Covid-19 vaccine tests should include racial and ethnic minorities, pregnant women, and patients with underlying health conditions, the FDA said, echoing calls from patient advocates to broaden the pool of participants.
The Food and Drug Administration released guidance Tuesday that laid out the criteria for companies like Moderna Inc., Sanofi, and Johnson & Johnson to put their Covid-19 vaccines on the market. The guidance, while not binding, is the FDA’s strongest statement to date about what it expects before it will authorize a vaccine. Industry relies heavily on these guidance documents when developing medical products.
Some Democrats have worried that the Trump administration’s push to get a vaccine by the end of the year through Operation Warp Speed would mar the scientific rigor of the agency. The vaccine candidate developed by the National Institutes of Health and Moderna will likely go into phase III clinical trials in the next several weeks.
“I’m as eager as anyone for a vaccine. But this isn’t just about doing something fast. It’s about doing something right,” Sen. Patty Murray (D-Wash.), the top Democrat on the Senate health committee, said during a hearing Tuesday.
FDA Commissioner Stephen Hahn said the guidance provides clarity about what data the agency expects from vaccine developers “so we can demonstrate to the world, to the national, to the American people that we are following our rigorous standards with respect to safety and efficacy.”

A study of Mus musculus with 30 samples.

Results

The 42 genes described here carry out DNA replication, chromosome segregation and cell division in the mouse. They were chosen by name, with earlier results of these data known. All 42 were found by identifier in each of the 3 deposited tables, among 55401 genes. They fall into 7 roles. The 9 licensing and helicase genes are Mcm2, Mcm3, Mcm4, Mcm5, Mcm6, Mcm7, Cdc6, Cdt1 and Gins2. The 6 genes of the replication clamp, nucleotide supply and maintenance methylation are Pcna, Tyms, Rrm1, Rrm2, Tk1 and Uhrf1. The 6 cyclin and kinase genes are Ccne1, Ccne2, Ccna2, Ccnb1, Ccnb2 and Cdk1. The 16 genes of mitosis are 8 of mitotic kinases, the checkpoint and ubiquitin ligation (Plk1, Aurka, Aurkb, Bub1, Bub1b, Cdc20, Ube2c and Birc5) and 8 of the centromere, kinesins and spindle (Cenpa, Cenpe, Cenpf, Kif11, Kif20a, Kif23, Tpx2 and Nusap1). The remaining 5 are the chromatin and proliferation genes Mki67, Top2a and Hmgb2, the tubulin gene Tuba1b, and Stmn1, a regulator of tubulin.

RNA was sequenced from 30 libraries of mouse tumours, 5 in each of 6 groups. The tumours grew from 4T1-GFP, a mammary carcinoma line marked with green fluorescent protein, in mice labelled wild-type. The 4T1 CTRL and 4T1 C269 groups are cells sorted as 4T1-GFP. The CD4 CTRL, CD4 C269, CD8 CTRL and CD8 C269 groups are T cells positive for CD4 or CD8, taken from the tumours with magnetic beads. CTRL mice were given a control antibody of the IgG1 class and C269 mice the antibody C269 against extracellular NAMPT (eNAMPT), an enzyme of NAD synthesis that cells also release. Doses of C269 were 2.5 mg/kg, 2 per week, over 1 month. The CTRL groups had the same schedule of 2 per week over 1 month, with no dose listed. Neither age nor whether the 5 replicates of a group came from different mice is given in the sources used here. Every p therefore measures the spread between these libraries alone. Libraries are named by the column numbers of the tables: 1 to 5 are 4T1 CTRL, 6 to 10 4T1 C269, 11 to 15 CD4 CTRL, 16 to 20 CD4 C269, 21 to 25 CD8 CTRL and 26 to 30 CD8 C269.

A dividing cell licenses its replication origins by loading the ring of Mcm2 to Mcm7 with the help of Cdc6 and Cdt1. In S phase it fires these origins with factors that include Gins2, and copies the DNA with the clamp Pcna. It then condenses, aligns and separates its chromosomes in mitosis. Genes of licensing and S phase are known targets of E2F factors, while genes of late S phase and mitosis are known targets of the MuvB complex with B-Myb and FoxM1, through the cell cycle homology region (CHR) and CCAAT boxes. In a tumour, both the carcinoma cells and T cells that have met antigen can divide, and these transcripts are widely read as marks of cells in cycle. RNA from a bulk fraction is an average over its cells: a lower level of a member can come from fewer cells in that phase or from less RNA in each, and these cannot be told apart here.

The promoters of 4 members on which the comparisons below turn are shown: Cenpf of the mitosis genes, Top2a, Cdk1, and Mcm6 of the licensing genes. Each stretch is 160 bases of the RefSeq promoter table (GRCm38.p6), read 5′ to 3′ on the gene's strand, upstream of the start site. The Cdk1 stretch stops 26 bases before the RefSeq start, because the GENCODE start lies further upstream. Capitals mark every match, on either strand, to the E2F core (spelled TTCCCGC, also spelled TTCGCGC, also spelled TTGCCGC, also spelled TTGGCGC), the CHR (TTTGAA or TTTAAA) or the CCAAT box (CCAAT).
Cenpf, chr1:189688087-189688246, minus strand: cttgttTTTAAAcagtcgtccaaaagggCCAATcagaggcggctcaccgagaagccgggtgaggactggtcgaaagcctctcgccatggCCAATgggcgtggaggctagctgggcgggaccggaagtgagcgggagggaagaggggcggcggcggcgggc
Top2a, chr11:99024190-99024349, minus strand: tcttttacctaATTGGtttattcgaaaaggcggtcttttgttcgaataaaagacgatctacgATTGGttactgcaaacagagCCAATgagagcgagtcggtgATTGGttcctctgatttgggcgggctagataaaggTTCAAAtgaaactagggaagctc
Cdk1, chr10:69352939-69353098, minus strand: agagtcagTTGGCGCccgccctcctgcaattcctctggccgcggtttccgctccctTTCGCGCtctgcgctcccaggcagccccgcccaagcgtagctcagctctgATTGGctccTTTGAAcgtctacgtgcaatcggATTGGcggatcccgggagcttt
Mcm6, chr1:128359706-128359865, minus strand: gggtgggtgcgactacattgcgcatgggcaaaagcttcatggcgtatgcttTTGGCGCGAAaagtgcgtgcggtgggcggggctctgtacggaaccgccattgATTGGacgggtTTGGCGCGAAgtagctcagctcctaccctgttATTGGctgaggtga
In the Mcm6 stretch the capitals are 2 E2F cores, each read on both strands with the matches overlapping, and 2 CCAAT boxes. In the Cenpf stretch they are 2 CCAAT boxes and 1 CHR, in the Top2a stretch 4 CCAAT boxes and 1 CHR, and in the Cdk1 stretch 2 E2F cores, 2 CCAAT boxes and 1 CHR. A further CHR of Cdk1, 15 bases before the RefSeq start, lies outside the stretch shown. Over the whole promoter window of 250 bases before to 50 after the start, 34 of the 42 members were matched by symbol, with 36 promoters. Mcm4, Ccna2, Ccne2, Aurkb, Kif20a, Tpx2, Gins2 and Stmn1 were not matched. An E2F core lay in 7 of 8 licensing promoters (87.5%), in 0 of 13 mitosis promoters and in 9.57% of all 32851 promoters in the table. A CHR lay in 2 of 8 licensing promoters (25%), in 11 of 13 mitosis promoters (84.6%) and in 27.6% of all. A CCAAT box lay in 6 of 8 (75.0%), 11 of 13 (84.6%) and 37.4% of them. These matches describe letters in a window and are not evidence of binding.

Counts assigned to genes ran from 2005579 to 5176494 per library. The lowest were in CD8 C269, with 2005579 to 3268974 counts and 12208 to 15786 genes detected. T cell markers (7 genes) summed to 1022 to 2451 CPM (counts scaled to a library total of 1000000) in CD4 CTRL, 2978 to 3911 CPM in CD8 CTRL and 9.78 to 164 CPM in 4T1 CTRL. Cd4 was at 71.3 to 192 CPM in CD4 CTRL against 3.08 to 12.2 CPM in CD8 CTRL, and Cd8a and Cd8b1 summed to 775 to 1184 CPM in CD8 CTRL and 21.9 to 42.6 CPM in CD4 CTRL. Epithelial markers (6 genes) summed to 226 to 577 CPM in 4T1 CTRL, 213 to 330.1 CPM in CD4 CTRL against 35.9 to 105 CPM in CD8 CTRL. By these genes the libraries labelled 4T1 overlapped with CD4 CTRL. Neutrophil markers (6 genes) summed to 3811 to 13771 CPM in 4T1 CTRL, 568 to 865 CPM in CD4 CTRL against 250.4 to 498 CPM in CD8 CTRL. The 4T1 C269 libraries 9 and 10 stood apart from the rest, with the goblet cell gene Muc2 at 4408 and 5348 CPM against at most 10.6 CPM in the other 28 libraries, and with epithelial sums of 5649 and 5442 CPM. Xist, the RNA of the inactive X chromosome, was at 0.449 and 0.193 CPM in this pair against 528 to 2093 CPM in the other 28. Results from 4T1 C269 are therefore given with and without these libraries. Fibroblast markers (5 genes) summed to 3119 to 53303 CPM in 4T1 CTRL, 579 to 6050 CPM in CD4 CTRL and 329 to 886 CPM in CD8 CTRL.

Clinical trials often have stringent criteria for who can enroll in these studies to eliminate any other variables that could affect the outcome. But groups such as Friends of Cancer Research and the American Society of Hematology have pushed for broadening criteria so it better reflects the people who will take that drug.
The FDA made clear in its guidance that it wants vaccine developers to test the drug on thousands of patients that reflect a diverse population of study groups.
“This inclusion helps to ensure that vaccines are safe and effective for everyone in the indicated populations,” it said. “FDA strongly encourages the enrollment of populations most affected by COVID-19, specifically racial and ethnic minorities.”
The agency also said studies should include elderly individuals and those with other medical conditions, as well as pregnant women and women of childbearing age. The FDA also called for a plan for assessing the vaccine in children.